Hugo Award-winning author’s latest is anything but coy

History Boys Michael Lyons and Jeremy Willard pose with one of their literary heroes, Robert Charles Wilson. Credit: Sharry Wilson

A fan once rebuked Hugo Award-winning author Robert Charles Wilson because of a gay character in his 2006 novel Julian Comstock: A Story of 22nd-Century America.

“I had this long email exchange with somebody after I wrote it,” the science-fiction writer says. “It was a guy who loved the book, but he wrote to me because he was a little upset about the gay content. He thought it was too coy.”

Wilson recalls that the fan said something like, “I don’t see myself represented in books very often, and it was nice to be almost represented in this one.”

Of course, that’s the nature of Julian Comstock — it was written in the style of a 19th-century moralistic children’s book, so the coyness is a given. However, the man’s comment stuck with Wilson — that snide “almost.”

“I felt duly chastened,” he says. “I thought, ‘yes, I need to pay attention to this a little bit.’ And maybe some of that was in the back of my mind when I wrote The Affinities.”

Released in April 2015, The Affinities is arguably Wilson’s gayest novel yet.

In the very near future, individuals who undergo InterAlia’s testing could win placement by the corporation in one of 22 Affinities. Based on a science called social teleodynamics, Affinities are groups of dissimilar people who complement each other extraordinarily well, resulting in almost perfect cooperation. And with better cooperation comes greater power.

Connections with members of your own Affinity are so strong, members abandon most non-Affinity relationships, including family.

In Toronto, Adam Fisk, a graphic design student at Sheridan College, endures the battery of tests and is placed in an Affinity called Tau. He gets his first taste of the power of the Affinities when, on the first night he meets the local division (or “tranche”) of his Affinity, his tranchemates set him up with a place to live and a job in his field.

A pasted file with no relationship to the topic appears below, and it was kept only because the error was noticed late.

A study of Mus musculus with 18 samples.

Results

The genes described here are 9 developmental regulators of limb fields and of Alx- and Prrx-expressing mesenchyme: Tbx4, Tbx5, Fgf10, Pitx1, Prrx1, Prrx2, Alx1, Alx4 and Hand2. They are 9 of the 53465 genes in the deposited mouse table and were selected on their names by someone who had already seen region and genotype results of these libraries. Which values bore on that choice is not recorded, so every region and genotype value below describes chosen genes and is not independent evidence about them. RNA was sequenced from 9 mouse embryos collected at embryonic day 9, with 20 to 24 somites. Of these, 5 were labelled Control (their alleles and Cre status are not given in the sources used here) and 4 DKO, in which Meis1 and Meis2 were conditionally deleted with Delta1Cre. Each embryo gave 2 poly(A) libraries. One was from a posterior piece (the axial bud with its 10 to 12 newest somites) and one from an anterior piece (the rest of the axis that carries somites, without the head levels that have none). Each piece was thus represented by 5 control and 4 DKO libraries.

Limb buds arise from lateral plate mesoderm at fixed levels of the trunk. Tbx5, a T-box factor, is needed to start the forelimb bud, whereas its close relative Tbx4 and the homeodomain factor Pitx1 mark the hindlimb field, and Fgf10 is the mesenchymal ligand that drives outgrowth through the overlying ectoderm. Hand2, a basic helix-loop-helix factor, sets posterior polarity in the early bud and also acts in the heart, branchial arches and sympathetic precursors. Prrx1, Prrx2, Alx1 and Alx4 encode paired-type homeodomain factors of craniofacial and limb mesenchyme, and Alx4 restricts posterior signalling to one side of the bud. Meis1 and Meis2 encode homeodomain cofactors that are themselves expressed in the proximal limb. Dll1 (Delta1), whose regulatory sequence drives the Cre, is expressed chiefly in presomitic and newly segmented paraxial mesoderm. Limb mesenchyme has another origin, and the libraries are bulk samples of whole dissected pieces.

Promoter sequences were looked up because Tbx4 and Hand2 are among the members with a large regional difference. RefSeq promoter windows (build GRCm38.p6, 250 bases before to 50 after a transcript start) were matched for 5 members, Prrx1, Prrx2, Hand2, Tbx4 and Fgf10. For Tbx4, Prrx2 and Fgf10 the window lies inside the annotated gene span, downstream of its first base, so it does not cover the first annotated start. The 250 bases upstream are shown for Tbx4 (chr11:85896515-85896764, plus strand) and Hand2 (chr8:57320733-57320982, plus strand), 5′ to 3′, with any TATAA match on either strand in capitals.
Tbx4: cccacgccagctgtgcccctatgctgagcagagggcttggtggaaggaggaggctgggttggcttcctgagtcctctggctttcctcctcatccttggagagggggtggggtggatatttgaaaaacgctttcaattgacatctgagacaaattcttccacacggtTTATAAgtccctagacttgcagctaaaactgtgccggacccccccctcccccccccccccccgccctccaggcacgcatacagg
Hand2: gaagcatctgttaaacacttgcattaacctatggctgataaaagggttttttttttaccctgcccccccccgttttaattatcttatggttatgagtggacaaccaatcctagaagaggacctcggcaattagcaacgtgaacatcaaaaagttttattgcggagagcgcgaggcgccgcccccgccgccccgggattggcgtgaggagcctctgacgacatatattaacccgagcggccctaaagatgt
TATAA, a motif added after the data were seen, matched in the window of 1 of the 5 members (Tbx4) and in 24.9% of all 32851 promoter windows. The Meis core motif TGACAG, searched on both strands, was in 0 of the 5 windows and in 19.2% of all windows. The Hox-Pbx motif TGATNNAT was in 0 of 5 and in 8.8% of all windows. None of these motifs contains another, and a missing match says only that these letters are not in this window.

Fisk isn’t gay, but the book presents him as the next best thing. Growing up sports-averse and bookish means that in the mind of his right-wing, bigoted father, he might as well be gay.

He also finds himself surrounded by gayness. His new living quarters are in the posh Rosedale home of a lesbian couple — a particularly accommodating pair of tranchemates.

Their sexual orientation is mentioned without hoopla, without conflict —  it’s just part of who they are. The same goes for the story’s treatment of Trevor, the very un-stereotypically kind, forthright and tough gay man who becomes one of Fisk’s closest Tau friends.

It’s no wonder so many of Fisk’s friends aren’t straight — out of the 22 Affinities, Tau has the highest proportion of pot smokers and homosexuals. That’s because if Wilson were in an Affinity, that’s how he’d like it to be.

“I don’t think the book works unless [the reader] can appreciate the value Adam finds in his Affinity,” he says. “So all I could do was design a group that I thought would be a really great place to be.”

Members of particular Affinities may cooperate wonderfully well with each other, but this doesn’t extend to their relations with the outside world. As the years pass and the Affinities grow in size and power — Tau has its own investment firm, hospitals and, out of grim necessity, security force — they become less respectful of society’s rules and of outsiders. They begin to butt heads with governments and with other — now rival — Affinities.

What begins as an idealistic grasping at a — fairly gay, as it turns out — vision of Utopia becomes a deadly battle with so much resting on the actions of Tau’s top diplomat, Adam Fisk.